When it comes to identity and access management, IT must consider a variety of factors. Here's how IT pros can select and implement the right identity and access management (IAM) system for their organization.
Do your research
In order to choose the right IAM system, it's important to know where to host the platform. IT can implement IAM systems on premises, as a cloud service or can integrate them into an enterprise mobility management platform.
Once IT pros select a hosting location, they should determine which identity management services they need. IT should decide whether they'll use single sign-on (SSO) and then chose a user authentication method, such as multifactor authentication (MFA).
When IT pros evaluate IAM tools, they should make sure the implementation will fit. First, check the tools' compatibility with your organization's security policy and other requirements. Ensure that when it is put into full production, the IAM product will uphold the security policy. In addition, prepare to train your staff on the selected IAM product's policies and procedures.
IAM products to consider
As the market for IAM systems grows, there are more options for IT to choose from. IAM products such as Ping Identity and ForgeRock focus on authentication and attribute exchange, while Trulioo and Signicat focus on gathering identity data to help identify threats.
It's also important to consider user experience with an IAM product. For example, it can be irritating for users to have to repeatedly enter a password. IAM products, such as OAuth, aim to fix that by enabling users to log in once for all the enterprise portals.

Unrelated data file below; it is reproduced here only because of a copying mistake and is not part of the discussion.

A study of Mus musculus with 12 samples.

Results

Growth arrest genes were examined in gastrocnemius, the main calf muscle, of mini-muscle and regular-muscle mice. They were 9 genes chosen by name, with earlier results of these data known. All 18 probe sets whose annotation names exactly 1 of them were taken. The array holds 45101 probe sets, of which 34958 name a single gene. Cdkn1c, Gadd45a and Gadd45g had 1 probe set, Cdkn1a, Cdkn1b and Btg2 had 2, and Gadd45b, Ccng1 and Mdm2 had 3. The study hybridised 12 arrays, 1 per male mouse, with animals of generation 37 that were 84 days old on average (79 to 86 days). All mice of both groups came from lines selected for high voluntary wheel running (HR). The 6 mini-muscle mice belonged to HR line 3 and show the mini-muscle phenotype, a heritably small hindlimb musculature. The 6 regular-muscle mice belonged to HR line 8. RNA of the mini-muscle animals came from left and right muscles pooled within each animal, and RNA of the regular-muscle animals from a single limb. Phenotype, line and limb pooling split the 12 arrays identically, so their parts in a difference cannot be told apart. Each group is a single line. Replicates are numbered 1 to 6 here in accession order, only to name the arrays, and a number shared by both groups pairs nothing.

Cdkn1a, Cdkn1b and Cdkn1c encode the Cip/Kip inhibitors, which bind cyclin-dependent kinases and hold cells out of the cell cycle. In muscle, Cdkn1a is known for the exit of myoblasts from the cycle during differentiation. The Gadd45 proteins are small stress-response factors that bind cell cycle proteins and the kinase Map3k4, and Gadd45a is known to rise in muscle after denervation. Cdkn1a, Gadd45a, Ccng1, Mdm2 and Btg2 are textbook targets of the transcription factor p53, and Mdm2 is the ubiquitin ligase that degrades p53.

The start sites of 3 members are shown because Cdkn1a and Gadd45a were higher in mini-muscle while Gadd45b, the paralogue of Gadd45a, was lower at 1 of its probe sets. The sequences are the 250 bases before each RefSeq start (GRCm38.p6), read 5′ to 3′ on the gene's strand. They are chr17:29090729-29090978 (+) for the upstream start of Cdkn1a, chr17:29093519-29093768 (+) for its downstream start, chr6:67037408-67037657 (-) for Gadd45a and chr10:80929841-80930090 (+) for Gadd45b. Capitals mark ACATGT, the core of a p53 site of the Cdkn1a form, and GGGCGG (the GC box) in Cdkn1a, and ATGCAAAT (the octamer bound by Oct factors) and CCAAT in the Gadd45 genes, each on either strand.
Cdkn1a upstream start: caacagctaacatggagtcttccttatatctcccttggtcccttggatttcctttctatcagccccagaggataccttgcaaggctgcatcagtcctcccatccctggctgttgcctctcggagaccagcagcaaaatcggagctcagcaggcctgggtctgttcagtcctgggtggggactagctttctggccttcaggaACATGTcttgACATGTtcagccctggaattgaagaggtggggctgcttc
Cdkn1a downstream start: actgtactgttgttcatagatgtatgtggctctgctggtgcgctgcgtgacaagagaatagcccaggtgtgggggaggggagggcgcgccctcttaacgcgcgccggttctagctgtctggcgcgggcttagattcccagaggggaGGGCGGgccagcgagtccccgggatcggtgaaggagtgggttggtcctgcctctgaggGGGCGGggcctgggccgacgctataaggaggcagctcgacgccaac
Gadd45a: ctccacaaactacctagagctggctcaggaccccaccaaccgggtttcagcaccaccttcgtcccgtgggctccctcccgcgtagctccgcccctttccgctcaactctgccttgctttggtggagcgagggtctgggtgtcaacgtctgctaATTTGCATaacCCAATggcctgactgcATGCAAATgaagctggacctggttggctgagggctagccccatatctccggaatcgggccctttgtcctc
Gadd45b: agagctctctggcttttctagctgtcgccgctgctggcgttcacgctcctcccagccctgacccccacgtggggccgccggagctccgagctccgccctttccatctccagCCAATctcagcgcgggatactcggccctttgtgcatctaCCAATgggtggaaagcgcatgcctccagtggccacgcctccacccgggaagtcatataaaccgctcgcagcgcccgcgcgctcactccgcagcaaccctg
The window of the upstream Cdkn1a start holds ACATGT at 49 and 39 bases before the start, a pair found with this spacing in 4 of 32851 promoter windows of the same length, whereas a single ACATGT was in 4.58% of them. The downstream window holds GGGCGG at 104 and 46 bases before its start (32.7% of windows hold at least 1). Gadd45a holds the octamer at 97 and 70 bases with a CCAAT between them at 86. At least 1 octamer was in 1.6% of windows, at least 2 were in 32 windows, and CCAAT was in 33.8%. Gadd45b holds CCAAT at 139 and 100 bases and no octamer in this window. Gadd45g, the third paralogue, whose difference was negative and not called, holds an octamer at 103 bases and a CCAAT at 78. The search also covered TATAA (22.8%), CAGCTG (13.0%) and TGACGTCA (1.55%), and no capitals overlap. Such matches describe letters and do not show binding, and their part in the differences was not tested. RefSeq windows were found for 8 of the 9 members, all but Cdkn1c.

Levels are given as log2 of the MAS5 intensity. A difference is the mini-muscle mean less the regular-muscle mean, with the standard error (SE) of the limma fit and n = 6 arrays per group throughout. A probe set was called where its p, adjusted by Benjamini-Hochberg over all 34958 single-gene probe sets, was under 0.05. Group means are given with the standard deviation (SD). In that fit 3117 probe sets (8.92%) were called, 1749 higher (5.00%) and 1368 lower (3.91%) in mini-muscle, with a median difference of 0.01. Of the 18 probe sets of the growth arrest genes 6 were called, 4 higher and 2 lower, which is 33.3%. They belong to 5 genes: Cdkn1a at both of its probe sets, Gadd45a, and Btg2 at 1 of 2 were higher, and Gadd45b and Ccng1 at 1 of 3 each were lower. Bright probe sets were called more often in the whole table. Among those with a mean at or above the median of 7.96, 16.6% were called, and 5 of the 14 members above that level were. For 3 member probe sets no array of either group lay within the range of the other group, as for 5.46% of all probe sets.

IT pros should also look at tools that track metrics such as login history and usage. The tools should incorporate Lightweight Directory Access Protocol and Active Directory to manage and control access. Alternatively, administrators can externalize access management using a blockchain application.
Features to consider post-purchase
It is easy to buy an IAM system that fits your organization's current needs, but IT should also consider the future of the system. As new threats, partnerships and technologies form, administrators will need to consider changing password management policies, simplifying access to resources across systems and implementing new tools.
IAM systems focus on managing passwords to lower security risks. IAM tools need to be in compliance, but administrators can do more. For more granularity, IT can control authentication on an individual page and directory level or over a whole site.
Once a system authorizes users through SSO and MFA, an IT pros' job is still not done. They will need to continue to monitor for risks and change their password management policy to combat new threats. IT can further streamline identity management by automating user enrollment.
If users need to access resources outside of a single security domain, IT should consider federated identity management. This enables internal users to access external resources and external users to access internal resources.
With identity federation, users only need to authenticate once across the member domains. Federated identity also eases the issues caused by multi-domain access. Administrators still manage their own domain's level of access. When organizations decide to create an identity federation, all of the members must agree to the policies and the technologies needed to build the federation.
Artificial intelligence and biometrics are also shaping IAM products. As these technologies progress, IAM will develop with them to handle the new ways that users access technology and a greater diversity of devices and applications.
Currently, many administrators use username and password credentials to determine enterprise access. New IAM tools could use fingerprint, facial or voice recognition combined with AI features, such as keystroke analysis, location and time of day data, to determine access. You may want to use multiple tools together to increase security.